Helping Your Teen Deal with a Bully

Nearly 25% of American teens are bullied on any given day, according to the United States Department of Justice. Bullying can take the form of verbal...

Helping Your Teen Deal with a Bully
14December

Helping Your Teen Deal with a Bully

Written by Craig Rogersin Section Help for Troubled Teens

Nearly 25% of American teens are bullied on any given day, according to the United States Department of Justice. Bullying can take the form of verbal assaults, physical harm, or written online text messages or Facebook posts, and it can have a devastating impact on your teen’s sense of self-worth, grades, and social life. Use these tips to help guide your response when you know your teen is being bullied.

Advocate for Your Child

First, thank them for coming to you with their problem. From the get-go, you should make it abundantly clear that you’re on their side and you want to work with them and for them to change the situation.

Some other points to hit in the initial conversation:

  • Praise their courage for coming to you
  • Make sure they know they deserve better treatment from their peers
  • Reassure them that it is not their fault

Take Notes

Work with your teen to record bullying incidents as they happen, whether in person, over the phone, or via the internet. Enlist your teen’s help; empower them by approaching the process as if you were “building a case” against the bully. This way, when you involve the culprit’s parents, or the school, you will have the evidence you need to affect change.

Try:

  • Printing out aggressive Facebook messages, texts, or tweets
  • Saving voicemail messages from the bully
  • Talking with your child after each school day to record specific incidents that took place
  • Limit the bully’s access to your child. This may not be possible while your teen is in school, but limiting texting or online time while at home can give your teen a break from the situation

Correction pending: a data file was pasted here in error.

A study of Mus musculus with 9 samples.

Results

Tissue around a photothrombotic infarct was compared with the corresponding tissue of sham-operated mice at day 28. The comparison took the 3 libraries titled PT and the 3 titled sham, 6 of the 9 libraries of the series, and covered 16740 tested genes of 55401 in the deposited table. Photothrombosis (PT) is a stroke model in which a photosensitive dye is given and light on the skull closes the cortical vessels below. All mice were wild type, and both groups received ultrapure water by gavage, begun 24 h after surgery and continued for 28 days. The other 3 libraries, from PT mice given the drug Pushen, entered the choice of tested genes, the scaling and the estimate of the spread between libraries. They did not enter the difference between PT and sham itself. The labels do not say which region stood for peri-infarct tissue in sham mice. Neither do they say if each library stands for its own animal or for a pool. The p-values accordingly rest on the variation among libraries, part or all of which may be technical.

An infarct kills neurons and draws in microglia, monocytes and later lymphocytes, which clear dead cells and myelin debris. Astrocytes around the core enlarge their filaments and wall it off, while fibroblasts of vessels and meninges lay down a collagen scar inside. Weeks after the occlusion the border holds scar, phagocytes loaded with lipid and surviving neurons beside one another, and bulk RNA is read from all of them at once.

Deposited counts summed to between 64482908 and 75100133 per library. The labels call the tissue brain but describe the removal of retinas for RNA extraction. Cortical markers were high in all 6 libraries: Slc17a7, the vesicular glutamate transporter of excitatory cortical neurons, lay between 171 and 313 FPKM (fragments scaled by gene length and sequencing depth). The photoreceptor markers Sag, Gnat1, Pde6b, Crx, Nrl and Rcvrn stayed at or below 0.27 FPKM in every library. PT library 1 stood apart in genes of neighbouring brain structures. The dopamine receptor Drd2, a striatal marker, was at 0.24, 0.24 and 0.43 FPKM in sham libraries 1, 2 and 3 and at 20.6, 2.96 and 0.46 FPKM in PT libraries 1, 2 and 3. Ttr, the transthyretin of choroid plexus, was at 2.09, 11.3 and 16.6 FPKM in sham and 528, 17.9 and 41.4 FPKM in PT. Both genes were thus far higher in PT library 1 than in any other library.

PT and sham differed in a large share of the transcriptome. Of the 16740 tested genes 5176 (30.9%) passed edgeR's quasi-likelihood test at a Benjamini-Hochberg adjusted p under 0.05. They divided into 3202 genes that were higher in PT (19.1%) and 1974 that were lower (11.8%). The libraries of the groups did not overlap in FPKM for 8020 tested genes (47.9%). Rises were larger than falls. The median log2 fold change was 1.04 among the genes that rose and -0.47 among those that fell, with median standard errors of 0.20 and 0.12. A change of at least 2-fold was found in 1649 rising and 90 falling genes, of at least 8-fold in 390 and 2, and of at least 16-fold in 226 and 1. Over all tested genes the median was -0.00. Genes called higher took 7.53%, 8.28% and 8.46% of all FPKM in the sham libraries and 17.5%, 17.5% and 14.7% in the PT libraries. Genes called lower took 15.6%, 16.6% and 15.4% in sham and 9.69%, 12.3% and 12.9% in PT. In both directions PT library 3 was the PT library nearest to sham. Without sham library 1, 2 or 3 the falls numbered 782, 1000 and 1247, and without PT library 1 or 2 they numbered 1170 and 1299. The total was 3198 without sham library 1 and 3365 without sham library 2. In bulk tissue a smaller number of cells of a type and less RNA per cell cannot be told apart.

First, try helping your child solve the problem herself. Use your notes to study the situation from all angles, with your teen, and decide on a course of action. How has your teen been dealing with the situation himself? How can you limit your teen’s exposure to the bully, and equip him with good one-liners that shut verbal attacks down without stooping to the bully’s level?

Try:

  • Roleplaying a bullying situation where your teen responds with confidence.
  • Coach your teen on using a strong, in-control tone of voice
  • If possible, help your teen find the humor in the situation. Sometimes bullying can be so ludicrous, a simple, “Are you seriously picking on me because of my ___? Don’t you have better things to do with your time?” will be enough.

Get Others Involved

First, try talking to your teen’s friends and their parents. Make clear the seriousness of the situation, and ask them to help your teen stand up to the bully. Next, talk to the bully’s parents. Are they aware of the situation? Bring your notes. Hopefully, once they realize what their child has been doing, they will intervene.

Changing Schools

As a last resort, you may want to look at the option of sending your child to another school where bullying is not tolerated in the least degree. Finding the right school may be challenging; however, it is your child’s well being that is at stake and certainly well worth the consideration and even the effort if it is warranted. Therapeutic Boarding Schools specialize in creating customized academic and therapeutic programs for teens that do not succeed in traditional school settings.